Matt Dekonty
Student Writer
Opinion

What’s It About?

The plot of Is He Dead? centers around a painter in need of some fast cash who realizes his artworks would fetch a higher price if he was deceased. His acquaintances proceed to force him into a scheme where he fakes in own death and is forced to inhabit a false identity while the real him remains trapped in a dark, confined room so that those around him can profit off of his creative talents for the sake of a secretly-evil art dealer. It’s pretty much the same plot as Get Out, only it’s set in 19th century France and doesn’t end with people being violently murdered.

 

Who’s In It?

The standout in this production of Is He Dead? is undeniably Craig Terrell Jr, ’18, who portrays the struggling artist Millet. Following his ‘death’, the painter dresses up as his nonexistent sister in an attempt to fool those around him into thinking he’s another person. Because of this, Terrell is forced to play two characters at the same time, and brings a lot to the performance; in both delivery of dialogue and physical comedy, he excels at getting laughs from simple motions and gestures that are delivered with an excellent understanding of how to take these simple directions and turn them into effective humor. Balancing both of these characters while also delivering a strong comedic performance is massively impressive, and elevates the source material to something that can still manage to feel timely and entertaining. Props to the rest of the cast as well, who are forced to carry a solid chunk of the runtime without Millet, yet manage to consistently keep things fresh.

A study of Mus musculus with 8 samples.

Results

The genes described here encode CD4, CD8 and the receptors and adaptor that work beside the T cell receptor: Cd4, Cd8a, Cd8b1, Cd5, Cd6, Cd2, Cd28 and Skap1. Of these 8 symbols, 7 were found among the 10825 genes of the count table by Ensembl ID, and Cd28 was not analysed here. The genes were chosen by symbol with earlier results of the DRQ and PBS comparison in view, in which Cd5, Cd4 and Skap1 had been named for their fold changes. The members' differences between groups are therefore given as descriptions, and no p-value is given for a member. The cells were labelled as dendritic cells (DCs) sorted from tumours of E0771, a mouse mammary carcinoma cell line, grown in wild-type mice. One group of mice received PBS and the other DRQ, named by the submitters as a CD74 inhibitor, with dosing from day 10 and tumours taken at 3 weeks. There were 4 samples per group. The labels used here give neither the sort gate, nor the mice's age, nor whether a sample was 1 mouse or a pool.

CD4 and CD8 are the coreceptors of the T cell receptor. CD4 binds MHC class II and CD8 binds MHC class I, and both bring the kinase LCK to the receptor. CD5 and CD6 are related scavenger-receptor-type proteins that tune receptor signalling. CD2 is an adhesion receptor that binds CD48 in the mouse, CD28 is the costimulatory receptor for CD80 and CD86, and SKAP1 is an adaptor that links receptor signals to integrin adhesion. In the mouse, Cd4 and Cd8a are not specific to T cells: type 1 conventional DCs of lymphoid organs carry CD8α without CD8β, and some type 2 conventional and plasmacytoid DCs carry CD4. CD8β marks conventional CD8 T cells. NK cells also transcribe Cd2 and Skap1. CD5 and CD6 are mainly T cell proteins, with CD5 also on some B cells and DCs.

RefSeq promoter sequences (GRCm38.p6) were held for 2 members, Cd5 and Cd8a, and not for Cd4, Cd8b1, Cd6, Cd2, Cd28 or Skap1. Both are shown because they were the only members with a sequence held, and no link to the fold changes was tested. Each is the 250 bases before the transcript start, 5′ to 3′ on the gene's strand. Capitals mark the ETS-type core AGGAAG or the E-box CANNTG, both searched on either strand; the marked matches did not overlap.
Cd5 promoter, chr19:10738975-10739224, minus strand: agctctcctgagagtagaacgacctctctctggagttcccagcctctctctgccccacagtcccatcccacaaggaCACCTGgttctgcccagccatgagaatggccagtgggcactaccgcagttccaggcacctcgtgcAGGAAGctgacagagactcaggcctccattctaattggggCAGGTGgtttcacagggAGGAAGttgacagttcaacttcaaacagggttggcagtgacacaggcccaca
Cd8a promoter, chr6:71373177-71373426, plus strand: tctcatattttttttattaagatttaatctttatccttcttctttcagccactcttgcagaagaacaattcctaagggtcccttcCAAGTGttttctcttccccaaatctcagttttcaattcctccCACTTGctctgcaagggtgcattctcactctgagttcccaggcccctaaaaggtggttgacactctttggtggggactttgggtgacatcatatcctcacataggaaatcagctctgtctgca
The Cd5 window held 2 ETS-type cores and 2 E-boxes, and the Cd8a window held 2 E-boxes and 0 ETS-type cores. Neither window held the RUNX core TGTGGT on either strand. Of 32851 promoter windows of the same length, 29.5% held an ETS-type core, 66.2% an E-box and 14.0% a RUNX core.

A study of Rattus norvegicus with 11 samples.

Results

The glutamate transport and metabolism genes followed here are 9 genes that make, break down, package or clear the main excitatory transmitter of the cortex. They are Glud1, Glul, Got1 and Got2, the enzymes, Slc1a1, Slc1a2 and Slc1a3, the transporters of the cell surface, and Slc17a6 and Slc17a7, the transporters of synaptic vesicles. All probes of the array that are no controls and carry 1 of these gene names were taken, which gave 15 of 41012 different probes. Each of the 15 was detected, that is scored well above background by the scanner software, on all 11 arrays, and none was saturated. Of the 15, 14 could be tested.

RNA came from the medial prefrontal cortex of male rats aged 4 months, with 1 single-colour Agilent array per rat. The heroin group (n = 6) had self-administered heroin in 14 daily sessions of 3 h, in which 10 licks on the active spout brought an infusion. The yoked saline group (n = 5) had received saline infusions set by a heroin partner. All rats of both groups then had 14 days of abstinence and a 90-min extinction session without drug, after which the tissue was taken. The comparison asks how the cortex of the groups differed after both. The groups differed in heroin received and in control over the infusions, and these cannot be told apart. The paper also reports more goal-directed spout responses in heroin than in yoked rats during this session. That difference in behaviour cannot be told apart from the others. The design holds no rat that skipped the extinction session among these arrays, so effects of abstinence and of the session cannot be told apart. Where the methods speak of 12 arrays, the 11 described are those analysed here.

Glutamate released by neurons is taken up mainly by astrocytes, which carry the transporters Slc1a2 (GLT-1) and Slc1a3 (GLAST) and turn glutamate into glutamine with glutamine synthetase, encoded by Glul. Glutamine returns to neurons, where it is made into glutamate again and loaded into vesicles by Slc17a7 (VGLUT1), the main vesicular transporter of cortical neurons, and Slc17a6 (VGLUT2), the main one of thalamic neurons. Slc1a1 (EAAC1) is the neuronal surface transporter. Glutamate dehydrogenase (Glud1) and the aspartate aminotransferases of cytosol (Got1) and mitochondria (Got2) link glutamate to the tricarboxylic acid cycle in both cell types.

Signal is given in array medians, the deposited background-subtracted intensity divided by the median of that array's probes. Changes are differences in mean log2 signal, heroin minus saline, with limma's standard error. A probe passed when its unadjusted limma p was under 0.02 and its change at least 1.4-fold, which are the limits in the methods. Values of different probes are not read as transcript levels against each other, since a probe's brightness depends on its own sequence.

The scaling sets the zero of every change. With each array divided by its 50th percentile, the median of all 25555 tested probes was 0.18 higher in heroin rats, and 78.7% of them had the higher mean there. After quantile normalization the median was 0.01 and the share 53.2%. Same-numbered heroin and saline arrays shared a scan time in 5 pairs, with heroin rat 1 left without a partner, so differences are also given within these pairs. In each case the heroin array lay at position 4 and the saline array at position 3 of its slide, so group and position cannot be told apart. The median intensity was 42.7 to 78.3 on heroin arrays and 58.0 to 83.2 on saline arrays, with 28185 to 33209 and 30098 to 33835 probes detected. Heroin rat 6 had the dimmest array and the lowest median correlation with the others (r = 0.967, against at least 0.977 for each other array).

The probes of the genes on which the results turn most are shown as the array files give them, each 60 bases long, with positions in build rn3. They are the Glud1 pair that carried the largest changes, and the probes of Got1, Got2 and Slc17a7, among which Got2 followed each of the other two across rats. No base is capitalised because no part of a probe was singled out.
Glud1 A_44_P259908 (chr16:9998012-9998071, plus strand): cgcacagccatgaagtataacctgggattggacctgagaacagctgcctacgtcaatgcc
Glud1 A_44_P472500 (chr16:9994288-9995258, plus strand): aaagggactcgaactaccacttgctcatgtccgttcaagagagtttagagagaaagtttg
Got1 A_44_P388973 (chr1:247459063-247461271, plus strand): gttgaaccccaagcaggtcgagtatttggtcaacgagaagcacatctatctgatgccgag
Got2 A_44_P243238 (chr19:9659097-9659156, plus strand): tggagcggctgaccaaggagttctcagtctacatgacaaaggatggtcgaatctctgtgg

Oh Hi, Mark

Adapting a Mark Twain piece into a play in 2018 while remaining fresh and entertaining could certainly prove challenging. Luckily, much of the humor here is timeless and doesn’t feel as dry and stuffy as many old English plays can when adapted for the stage. Once the main plot gets going, and Millet takes on his alter ego, is where things really start to pick up. We understand everyone’s motivations of why they need this money and how they’re going to get it, but it definitely takes a decent amount of time to get there. When things start to wrap up in the third act is where Twain pulls out all the stops; blending dark humor, unwanted marriage proposals, dancing on a coffin filled with rotten cheese, and the start of a polygamous relationship into about fifteen minutes. Multiple times throughout this third act, a side character would turn and directly break the fourth wall to address the audience on what was happening (or perhaps give us a glimpse into their internal monologue) which felt odd, as it essentially puts the brakes on the story (even if just for a few lines) to tell us things that we can pretty clearly understand just from watching these events happen organically.

 

In Conclusion

Is He Dead? is funny, well-acted, and certainly worth your $7. Terrell is the standout who elevates the source material with fantastic comedic delivery, and the rest of the crew blends together with great chemistry to keep things feeling fresh and consistent. Despite being written centuries ago, Is He Dead? manages to serve as an entertaining and surprisingly different theatrical experience.

Is He Dead? runs April 14 and 19-21 at 8 p.m. and April 15 and 22 at 3 p.m in Miller Theatre.